Not being able to bat the ball out of the infield as a freshman, winning a state championship as a junior and everything in between. She can now add what happened Thursday and the days (actually weeks) leading up to it the memory bank.
Parkinson hit a two-run home run and pitched a complete game to lead Herriman to a 9-3 win over Layton in the 6A state championship game at Salt Lake Community College. It was the second straight title for the Mustangs.
But this title run was filled with some trials.
There were seemingly never-ending rain delays. There was the 3 1/2 hour extra-inning game in the quarterfinals against Kearns where the Mustangs scored five runs in the bottom of the ninth for the win. There was Wednesday’s semifinal where they overcame a five-run deficit in the sixth inning to rally for the win.
“Every game was a comeback,” Herriman coach Heidi McKissick said.
Every game except the championship, that is.
In the third inning, Parkison swung and hit the ball off her knee cap. She immediately hopped and limped down the first base path, looking like she was in some discomfort. But after a very short delay, she got back into the batter’s box.
“I was like, ‘Well, you were a little ahead of that one,’ Parkinson recalled thinking. “‘Just wait on it, don’t hit this one into your knee cap, hit it into the scoreboard.' Just kidding.”
She might have been joking. But it was pretty close to accurate.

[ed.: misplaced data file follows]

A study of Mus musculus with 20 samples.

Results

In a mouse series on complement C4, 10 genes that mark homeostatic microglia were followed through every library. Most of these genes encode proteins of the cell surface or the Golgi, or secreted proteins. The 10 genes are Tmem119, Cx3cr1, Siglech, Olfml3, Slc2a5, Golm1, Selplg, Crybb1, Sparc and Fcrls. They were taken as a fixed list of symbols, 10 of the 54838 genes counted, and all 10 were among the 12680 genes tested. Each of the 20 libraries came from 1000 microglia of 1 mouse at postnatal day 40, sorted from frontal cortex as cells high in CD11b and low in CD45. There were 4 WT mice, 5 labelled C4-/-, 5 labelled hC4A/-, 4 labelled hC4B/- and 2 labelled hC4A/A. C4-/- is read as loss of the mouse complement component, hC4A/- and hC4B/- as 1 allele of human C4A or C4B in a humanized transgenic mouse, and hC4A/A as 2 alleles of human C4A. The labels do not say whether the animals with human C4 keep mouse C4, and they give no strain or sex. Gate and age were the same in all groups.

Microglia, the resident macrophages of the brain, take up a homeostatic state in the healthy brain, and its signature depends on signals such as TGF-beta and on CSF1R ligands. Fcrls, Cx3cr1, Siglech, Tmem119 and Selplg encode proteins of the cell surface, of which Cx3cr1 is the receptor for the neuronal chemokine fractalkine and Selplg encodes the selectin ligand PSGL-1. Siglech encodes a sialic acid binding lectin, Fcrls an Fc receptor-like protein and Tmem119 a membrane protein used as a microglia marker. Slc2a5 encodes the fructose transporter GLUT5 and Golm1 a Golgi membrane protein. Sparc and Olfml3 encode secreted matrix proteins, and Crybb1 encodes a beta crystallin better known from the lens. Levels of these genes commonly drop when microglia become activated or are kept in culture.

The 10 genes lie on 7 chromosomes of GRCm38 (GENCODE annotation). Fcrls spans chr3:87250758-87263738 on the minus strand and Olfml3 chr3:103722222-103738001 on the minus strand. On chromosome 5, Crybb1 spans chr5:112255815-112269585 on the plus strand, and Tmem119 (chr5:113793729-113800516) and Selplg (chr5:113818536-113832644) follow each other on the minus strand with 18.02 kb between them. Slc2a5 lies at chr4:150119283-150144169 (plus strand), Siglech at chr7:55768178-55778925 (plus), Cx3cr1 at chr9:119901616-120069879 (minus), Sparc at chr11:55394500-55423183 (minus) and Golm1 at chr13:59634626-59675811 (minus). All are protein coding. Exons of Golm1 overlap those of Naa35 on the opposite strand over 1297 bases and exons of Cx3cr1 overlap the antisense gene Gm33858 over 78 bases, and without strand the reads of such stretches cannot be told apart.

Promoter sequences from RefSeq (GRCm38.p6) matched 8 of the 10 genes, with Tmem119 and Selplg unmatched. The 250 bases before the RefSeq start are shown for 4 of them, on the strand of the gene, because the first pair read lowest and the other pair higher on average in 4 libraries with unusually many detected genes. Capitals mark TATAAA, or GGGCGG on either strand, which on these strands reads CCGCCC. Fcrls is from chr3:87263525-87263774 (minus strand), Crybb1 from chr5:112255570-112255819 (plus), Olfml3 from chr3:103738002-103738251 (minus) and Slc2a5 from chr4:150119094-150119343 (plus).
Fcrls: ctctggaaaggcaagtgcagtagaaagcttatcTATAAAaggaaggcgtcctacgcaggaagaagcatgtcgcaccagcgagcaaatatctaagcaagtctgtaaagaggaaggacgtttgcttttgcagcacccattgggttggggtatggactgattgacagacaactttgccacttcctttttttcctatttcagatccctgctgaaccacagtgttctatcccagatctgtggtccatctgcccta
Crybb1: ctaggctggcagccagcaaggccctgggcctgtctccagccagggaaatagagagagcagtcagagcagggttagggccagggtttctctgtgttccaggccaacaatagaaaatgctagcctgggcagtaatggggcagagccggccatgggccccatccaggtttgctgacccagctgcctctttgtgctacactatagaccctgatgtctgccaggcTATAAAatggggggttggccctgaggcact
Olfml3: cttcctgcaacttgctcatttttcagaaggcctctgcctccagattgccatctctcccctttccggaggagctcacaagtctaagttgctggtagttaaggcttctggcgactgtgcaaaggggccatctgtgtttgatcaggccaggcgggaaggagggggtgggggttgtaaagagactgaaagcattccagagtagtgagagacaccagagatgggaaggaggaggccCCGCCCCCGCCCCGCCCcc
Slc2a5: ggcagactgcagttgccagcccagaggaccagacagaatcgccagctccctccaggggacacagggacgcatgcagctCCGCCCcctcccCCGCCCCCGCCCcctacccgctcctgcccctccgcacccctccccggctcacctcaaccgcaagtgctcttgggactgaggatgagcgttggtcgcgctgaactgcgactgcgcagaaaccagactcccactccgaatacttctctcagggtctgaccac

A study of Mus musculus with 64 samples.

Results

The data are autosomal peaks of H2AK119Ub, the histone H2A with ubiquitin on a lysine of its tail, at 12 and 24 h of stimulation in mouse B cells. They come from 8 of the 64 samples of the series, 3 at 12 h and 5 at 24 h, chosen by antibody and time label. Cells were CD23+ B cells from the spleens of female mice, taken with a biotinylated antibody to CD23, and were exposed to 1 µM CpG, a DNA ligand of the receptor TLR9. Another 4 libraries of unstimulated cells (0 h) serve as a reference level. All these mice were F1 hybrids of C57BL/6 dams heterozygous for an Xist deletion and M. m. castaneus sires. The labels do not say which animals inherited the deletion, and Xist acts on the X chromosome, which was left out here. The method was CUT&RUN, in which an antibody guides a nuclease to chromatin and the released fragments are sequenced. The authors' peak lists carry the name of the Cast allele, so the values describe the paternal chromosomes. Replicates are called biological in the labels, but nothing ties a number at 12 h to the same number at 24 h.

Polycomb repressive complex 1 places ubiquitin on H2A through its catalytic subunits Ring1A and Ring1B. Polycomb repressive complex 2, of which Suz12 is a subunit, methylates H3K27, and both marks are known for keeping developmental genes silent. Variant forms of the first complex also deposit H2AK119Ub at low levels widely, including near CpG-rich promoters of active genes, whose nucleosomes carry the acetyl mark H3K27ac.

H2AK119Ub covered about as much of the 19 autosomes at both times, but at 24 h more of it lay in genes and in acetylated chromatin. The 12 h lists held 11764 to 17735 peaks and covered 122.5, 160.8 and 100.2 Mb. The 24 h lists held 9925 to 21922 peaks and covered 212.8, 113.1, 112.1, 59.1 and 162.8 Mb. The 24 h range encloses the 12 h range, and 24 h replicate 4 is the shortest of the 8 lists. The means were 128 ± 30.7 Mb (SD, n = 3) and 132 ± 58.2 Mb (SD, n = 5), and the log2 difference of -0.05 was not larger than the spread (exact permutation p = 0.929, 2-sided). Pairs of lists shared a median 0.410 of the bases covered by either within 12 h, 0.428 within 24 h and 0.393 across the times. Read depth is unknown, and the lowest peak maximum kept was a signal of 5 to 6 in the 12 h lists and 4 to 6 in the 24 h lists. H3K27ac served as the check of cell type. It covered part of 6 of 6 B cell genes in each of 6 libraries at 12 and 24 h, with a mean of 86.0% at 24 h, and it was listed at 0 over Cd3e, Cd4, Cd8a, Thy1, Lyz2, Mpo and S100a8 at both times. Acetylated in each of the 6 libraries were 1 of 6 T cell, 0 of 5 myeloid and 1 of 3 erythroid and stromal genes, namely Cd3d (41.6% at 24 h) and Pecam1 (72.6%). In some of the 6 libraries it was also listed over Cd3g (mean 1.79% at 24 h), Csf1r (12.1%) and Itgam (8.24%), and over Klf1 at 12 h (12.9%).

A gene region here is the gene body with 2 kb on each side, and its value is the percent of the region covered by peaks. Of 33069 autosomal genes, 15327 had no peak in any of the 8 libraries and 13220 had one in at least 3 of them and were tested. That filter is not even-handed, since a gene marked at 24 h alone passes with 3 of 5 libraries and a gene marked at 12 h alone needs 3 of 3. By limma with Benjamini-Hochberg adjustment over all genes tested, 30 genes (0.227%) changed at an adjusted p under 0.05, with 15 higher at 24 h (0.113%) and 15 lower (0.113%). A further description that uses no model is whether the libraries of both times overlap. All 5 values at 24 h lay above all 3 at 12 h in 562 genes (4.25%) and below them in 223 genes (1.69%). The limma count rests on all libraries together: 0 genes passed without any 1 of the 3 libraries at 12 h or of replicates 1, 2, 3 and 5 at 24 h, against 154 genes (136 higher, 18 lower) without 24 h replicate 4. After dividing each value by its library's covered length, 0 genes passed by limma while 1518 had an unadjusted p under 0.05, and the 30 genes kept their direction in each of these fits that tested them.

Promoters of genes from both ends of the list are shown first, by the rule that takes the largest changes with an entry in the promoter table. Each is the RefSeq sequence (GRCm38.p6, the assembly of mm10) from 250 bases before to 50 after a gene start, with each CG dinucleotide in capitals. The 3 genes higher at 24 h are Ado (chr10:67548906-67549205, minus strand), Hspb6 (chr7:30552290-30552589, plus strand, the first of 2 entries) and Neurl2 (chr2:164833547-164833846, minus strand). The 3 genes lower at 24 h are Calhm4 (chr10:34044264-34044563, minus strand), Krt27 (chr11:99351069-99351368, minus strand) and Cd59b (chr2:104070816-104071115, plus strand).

On her next swing, she blasted a two-run shot to give Herriman a lead that it would never surrender. That started a six-run inning that made Thursday a little less heart-pumping for the Mustangs.
“I like how it wasn’t so close,” said McKissick, her shirt still dripping from when her team gave her a celebratory Gatorade bath. “I could breathe.”
Alexis Smith had a two-RBI single in the pivotal third inning and Taegan Smith put any thought of a late Layton comeback away when she blasted a double off the fence in the sixth that scored two more runs, giving Herriman a 9-1 advantage.
“It was a team thing,” McKissick said. “Our theme this year was, ‘play for her.’ It was a team thing, not just one or two.”
The motto was appropriate considering Herriman’s depth. Parkinson and Hoffman were the only seniors on this year’s squad. The Mustangs were filled with plenty of underclassmen eagerly awaiting their chance — chances that didn’t always come.
“I wish I could play all 24, I really do, because I am so blessed,” McKissick said. “And they knew they could play for each other.”
Before Parkinson hit her home run, she looked over to the dugout and saw her teammates smiling, laughing and just enjoying the moment. That made her want to perform that much more. It’s that type of attitude that fueled Herriman to their second straight title.
“When I came into this program I was a 5-foot-nothing freshman and I couldn’t hit it out of the infield,” she said. “Through these girls and these coaches, I’ve become better. That’s what I want to leave as a legacy that no matter who you are, you could do it.”